Wednesday, January 16, 2013

Book Review: Plain Facts for Old and Young: Natural History and Hygiene of Organic Life (Sex, Marriage & Society Series)

Book Review: 

Plain Facts for Old and Young: Natural History and Hygiene of Organic Life (Sex, Marriage & Society Series)  

Or in Lady Chatterley's words, Children of the Corn Flakes

A number of years ago, Lady Chatterley remembers reading about Dr. John Harvey Kellogg, the inventor of Corn Flakes, and how his religious zealotism discouraged sexual health to the point that he suggested castration and using acid to burn away genetalia. Recently she attended a workshop on Victorian sexuality through a local chapter of Romance Writer's of America and his name was referred to again. But to imagine where this zealot came from, imagine the era:

At the end of the 1800's, sexually transmitted diseases were life threatening and caused death.

Sexuality considered a sin punishable by eternal torment. (As if the STDs weren't enough.)

Masturbation was thought to cause blindness, mental retardation and other maladies.

To those obsessed with health and religion such as Kellogg, the words sexual health meant abstinence. And this abstinence had to be maintained by any means as these quotes from his books via Wikipedia explain.

In his Plain Facts for Old and Young, he wrote:
A remedy which is almost always successful in small boys is circumcision, especially when there is any degree of phimosis. The operation should be performed by a surgeon without administering an anesthetic, as the brief pain attending the operation will have a salutary effect upon the mind, especially if it be connected with the idea of punishment, as it may well be in some cases. The soreness which continues for several weeks interrupts the practice, and if it had not previously become too firmly fixed, it may be forgotten and not resumed.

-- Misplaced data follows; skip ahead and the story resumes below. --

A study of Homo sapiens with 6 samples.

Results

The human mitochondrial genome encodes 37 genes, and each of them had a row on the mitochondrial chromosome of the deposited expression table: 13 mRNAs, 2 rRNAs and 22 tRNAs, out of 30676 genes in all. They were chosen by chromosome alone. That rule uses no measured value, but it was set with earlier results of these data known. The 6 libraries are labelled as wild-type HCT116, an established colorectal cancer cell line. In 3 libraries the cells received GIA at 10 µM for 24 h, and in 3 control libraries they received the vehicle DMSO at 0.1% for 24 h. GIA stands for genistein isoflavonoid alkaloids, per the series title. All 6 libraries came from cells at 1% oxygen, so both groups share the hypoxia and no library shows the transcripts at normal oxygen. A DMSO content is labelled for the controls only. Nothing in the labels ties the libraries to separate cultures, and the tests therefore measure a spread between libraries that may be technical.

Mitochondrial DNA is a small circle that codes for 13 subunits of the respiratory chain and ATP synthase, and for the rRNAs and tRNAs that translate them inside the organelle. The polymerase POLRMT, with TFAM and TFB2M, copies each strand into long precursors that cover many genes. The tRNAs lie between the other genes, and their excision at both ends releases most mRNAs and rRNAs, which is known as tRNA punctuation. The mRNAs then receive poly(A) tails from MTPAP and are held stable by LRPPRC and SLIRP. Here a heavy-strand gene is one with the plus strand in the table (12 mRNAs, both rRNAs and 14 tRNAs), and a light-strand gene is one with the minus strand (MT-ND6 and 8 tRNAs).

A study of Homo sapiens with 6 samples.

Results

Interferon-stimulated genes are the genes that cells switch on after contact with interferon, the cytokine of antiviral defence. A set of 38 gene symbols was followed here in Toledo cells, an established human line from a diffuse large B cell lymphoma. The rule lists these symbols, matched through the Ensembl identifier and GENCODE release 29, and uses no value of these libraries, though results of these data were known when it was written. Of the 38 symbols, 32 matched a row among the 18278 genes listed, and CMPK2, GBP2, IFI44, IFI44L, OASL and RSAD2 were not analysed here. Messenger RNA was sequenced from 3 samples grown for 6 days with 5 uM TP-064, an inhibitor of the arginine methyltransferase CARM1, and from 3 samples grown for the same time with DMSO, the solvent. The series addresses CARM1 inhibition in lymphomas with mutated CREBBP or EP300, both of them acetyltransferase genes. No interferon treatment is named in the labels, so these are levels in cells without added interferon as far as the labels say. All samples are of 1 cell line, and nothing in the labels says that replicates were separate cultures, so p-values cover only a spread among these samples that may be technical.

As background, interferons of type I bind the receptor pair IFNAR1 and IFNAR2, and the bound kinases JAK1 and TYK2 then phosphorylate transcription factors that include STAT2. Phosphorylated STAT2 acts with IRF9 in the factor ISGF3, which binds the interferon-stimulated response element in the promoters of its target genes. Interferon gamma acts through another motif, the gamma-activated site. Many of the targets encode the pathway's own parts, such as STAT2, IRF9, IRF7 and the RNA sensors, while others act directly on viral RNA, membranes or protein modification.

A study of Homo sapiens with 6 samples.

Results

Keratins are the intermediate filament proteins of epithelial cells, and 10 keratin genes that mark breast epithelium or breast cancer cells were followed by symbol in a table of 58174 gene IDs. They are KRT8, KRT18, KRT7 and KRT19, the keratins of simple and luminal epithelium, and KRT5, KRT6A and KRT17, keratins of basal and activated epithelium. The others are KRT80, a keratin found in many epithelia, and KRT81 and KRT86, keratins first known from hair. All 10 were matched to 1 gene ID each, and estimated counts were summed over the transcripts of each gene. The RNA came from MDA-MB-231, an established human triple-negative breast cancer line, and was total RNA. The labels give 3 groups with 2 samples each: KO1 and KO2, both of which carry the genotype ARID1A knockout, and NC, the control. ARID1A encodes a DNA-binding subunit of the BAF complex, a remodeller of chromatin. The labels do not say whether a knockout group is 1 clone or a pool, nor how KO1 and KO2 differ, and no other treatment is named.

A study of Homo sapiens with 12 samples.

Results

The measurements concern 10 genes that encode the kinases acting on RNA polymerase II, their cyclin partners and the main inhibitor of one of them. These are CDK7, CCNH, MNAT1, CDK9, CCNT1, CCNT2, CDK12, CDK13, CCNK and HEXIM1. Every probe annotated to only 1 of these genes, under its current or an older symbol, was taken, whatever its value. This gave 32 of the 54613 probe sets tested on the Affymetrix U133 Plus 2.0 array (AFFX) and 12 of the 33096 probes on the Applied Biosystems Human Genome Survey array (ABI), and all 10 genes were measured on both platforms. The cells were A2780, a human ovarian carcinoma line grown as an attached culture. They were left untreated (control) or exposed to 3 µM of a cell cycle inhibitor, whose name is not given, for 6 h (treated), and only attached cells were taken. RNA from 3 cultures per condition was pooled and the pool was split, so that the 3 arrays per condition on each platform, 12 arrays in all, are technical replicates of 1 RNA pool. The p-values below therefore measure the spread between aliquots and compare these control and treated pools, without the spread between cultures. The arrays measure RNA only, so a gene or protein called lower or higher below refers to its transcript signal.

a method of treatment [to prevent masturbation] ... and we have employed it with entire satisfaction. It consists in the application of one or more silver sutures in such a way as to prevent erection. The prepuce, or foreskin, is drawn forward over the glans, and the needle to which the wire is attached is passed through from one side to the other. After drawing the wire through, the ends are twisted together, and cut off close. It is now impossible for an erection to occur, and the slight irritation thus produced acts as a most powerful means of overcoming the disposition to resort to the practice
In females, the author has found the application of pure carbolic acid (phenol) to the clitoris an excellent means of allaying the abnormal excitement.

In his Ladies' Guide in Health and Disease, to prevent masturbation, he suggested:
Cool sitz baths; the cool enema; a spare diet; the application of blisters and other irritants to the sensitive parts of the sexual organs, the removal of the clitoris and nymphae...

 These disturbing books are available on Or if you really want to support Kellogg's legacy, all you need do is buy a box of Corn Flakes.